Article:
Friday, November 13, 2009

Day to Day in Shaanxi

Aside from losing the gas unexpectedly day to day life is quite fun. We get to try new foods on an almost daily basis!

On the 12th we got to try another Shaanxi specialty:
Yang Rou Pao Mo. It is mutton - a rather small amount of it - in a soup broth packed with little bread chunks. There is also a small amount of vermicelli. A spicy sauce is then dumped into it and it is served with a side of what appear to be pickled garlic cloves. Ones breath after is no doubt delightful. It is rather good.

In the evening Pavan made dinner again. There is a little store at the bottom of one of the towers in our building complex that sells veggies, what appear to be homemade uncooked noodles, sauce, and pre-made dumplings. We had the egg and tomato (Xi Hong Shi Chao Ji Dan) dish, some noodles, and some green beans cooked with a beer-sauce. This was very good. So good we have to post a picture (so you can see the deliciousness).

On the 13th Pavan came along to the Active office. We managed to get to the office by saying the location instead of just pointing to Chinese characters in a notebook. Although the cabbie looked a little bit amused at our pronounciation he took us! At lunchtime we took a group of eight or nine out for lunch and managed to pay for it. Co-workers have a habbit of trying to pay for us which makes us feel bad as we know local salary scales make this a much bigger deal for them than us. Anyway, Rod managed to pay and as always Nan Yao Tou pricing was marvelous: ¥85 (a bit less than $14) for nine dishes and rice for everyone. We got pictures of a number of our favorite dishes and then the camera ran out of batteries.

Shǔi Zhǔ Ròu Piàn - spicy boiled pork dish
"shway jew row pee-en"

Lian Cai - lotus root
"lee-ann tsai"

Húi Guō Dōng Guā - boiled then fried starchy vegetable. Not sure what vegetable.
"hway goo-ah dong gwa"

Yú Xiāng Ròu Sī - Asparagus Lettuce apparently. Little strips of veggie w/some meat.
"you she-ang row Ss"

Yě Shān Jiāo Chǎo Ròu Mò - VERY spicy celery pork
"yeah shun gee-ow chow row moo-wa"
Jiāo - pepper
Yě Shān Jiāo - wild pepper from mountain

We bought more batteries from a local vendor but unfortunately despite being labelled AA 1.5V they refused to power the camera.

In the afternoon we got co-workers to write out the name of many of our favorite dishes and pronounciation guidelines.

     Shǒu Sī Bāo Cài - cabbage dish we had w/rice for lunch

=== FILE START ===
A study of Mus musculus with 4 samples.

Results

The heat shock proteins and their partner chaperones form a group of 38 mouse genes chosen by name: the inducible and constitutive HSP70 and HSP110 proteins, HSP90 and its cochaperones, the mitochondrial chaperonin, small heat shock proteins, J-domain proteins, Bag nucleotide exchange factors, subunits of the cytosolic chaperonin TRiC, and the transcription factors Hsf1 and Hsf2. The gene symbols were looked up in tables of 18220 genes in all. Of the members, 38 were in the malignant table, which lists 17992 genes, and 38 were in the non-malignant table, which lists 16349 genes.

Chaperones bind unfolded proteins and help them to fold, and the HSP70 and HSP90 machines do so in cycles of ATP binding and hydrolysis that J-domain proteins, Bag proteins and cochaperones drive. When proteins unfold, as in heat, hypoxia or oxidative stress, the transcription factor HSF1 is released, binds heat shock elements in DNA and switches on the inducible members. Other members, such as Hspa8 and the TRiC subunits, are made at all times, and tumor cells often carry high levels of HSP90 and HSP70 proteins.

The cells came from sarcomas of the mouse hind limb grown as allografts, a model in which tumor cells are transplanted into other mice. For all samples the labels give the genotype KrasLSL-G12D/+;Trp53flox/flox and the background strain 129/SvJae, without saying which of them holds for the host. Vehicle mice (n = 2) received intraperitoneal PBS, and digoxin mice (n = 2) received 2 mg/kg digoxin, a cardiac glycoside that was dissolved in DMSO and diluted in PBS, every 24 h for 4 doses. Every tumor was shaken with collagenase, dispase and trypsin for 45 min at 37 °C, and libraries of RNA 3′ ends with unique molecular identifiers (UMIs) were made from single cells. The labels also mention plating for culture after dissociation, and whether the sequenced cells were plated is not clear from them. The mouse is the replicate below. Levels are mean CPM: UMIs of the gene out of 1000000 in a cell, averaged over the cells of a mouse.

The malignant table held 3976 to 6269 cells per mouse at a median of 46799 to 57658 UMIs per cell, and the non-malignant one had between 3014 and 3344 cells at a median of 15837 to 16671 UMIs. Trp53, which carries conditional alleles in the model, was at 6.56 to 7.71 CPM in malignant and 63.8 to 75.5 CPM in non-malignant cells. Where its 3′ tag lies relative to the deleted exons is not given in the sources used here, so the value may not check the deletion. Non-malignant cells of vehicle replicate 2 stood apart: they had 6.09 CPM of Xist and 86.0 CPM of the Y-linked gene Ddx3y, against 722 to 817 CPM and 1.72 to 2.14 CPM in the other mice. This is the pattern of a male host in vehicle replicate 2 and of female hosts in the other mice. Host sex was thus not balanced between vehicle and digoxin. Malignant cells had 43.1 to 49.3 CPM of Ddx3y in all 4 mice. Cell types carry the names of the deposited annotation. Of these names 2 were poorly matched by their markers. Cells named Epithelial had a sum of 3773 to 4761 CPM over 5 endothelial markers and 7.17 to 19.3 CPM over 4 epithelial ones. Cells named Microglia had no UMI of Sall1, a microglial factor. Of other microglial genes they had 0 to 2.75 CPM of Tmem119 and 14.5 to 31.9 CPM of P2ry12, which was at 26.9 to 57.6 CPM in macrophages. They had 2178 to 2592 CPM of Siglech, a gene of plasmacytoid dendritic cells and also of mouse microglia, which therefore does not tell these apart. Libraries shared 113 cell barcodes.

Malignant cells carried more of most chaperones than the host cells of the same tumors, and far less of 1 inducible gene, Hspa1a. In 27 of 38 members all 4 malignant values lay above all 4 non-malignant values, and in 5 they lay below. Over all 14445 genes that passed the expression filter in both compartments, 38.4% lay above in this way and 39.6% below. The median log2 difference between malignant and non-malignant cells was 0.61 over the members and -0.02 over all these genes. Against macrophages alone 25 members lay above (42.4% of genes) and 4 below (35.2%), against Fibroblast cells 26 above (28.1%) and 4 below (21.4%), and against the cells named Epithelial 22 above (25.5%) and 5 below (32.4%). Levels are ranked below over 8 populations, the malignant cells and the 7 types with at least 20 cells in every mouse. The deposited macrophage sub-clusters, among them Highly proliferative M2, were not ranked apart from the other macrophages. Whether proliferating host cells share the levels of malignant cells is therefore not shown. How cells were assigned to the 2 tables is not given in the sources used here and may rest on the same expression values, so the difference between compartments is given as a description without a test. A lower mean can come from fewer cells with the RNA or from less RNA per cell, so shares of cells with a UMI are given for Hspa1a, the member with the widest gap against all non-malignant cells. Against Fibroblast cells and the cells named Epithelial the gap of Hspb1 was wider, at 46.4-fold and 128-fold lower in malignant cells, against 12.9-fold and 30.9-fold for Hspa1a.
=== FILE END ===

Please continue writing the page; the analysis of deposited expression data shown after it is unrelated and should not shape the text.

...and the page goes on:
"show Ss bow tsai"

ǔi Zhǔ Ròu Piàn - spicy boiled pork dish
    "shway jew row pee-en"

úi Guō Dōng Guā - boiled then fried starchy vegatable. Not sure what vegatable.
    "hway goo-ah dong gwa"

Húi Guō - double-cooked, specifically boiled then fried
        Dōng Guā - the vegatable

ě Shān Jiāo Chǎo Ròu Mò - VERY spicy celery pork
    "yeah shun gee-ow chow row moo-wa"

Jiāo - pepper
ě Shān Jiāo - wild pepper from mountain

ú Xiāng Ròu Sī - Asparagus Lettuce apparently. Little strips of veggie w/some meat.
    "you she-ang row Ss"

We have started accumulating all our Mandarin on a Google Docs page. This is published for the world to enjoy at; we will be updating it as we learn more. In the afternoon we sent an email out asking for co-workers who`d be interested in spending 30-60 minutes with us teaching Mandarin and got four or so respondants so far. The plan is to rotate through instructors doing one lesson each workday. Hopefully this will dramatically increase our vocabulary. Our new knowledge will be posted on the google document referenced above. With any luck we`ll also start to get the hang of the four tones. Presently when advised to say something in the upward tone, downward tone, or whatever we tend to have a great deal of trouble executing. Luckily most of the time there is enough context (we are at a restaurant ordering food, clearly we mean pork not grandfather clock or whatever the wrong intonation might mean) in most of the situations we need to speak in that we can get away with being pretty brutal on the tones.

We heard about a Shaanxi specialty of a sort of pork sandwich. The pork sits in a vat simmering away and is then pulled out, chopped up with pork fat (you can opt out of the fat if you wish), and served in a sandwich. It is apparently as famous as Yang Rou Pao Mo. Our notes regarding how to pronounce this and order it follow; as yet these are untested:

     Lǎo Tóng Guān Ròu Jīa Mó Chún Shòu - Shaanxi specialty. Pork sandwich. As famous as Yang Rou Pao Mo.
Lǎo Tóng Guān - apparently confusing to explain
Ròu Jīa Mó - literally Ròu: pork Jīa: sandwiched in/in the middle of Mó: bread
Chún Shòu - without fat; typically fat poured over

     Chún Shòu Ròu Jīa Mó - how to order the pork sandwich.
                          - could also use
Ròu Jīa Mó Chún Shòu but may confuse vendor.
    "chwan show row gee-ah mwa"

In the evening Pavan went to buy some groceries and ran into a lady who apparently lives in one of the buildings nearby and might be willing to help teach Chinese cooking. Fingers crossed that this works out!! The local grocery store sells Tsing Tao (pronounced more or less "ching dow"), a local beer that is quite good, for ¥3 ($0.5) per 500ml bottle!

Tomorrow we aspire to reach the Shaanxi History Museum through verbal direction to the cab driver. The phrase and pronounciation is:

     Lì Shǐ Bó Wù Gǔan - Shaanxi History Museum
    "lee sh-ugh bwa woo gwan"

If spoken Mandarin fails us we also have it written in characters in a notebook.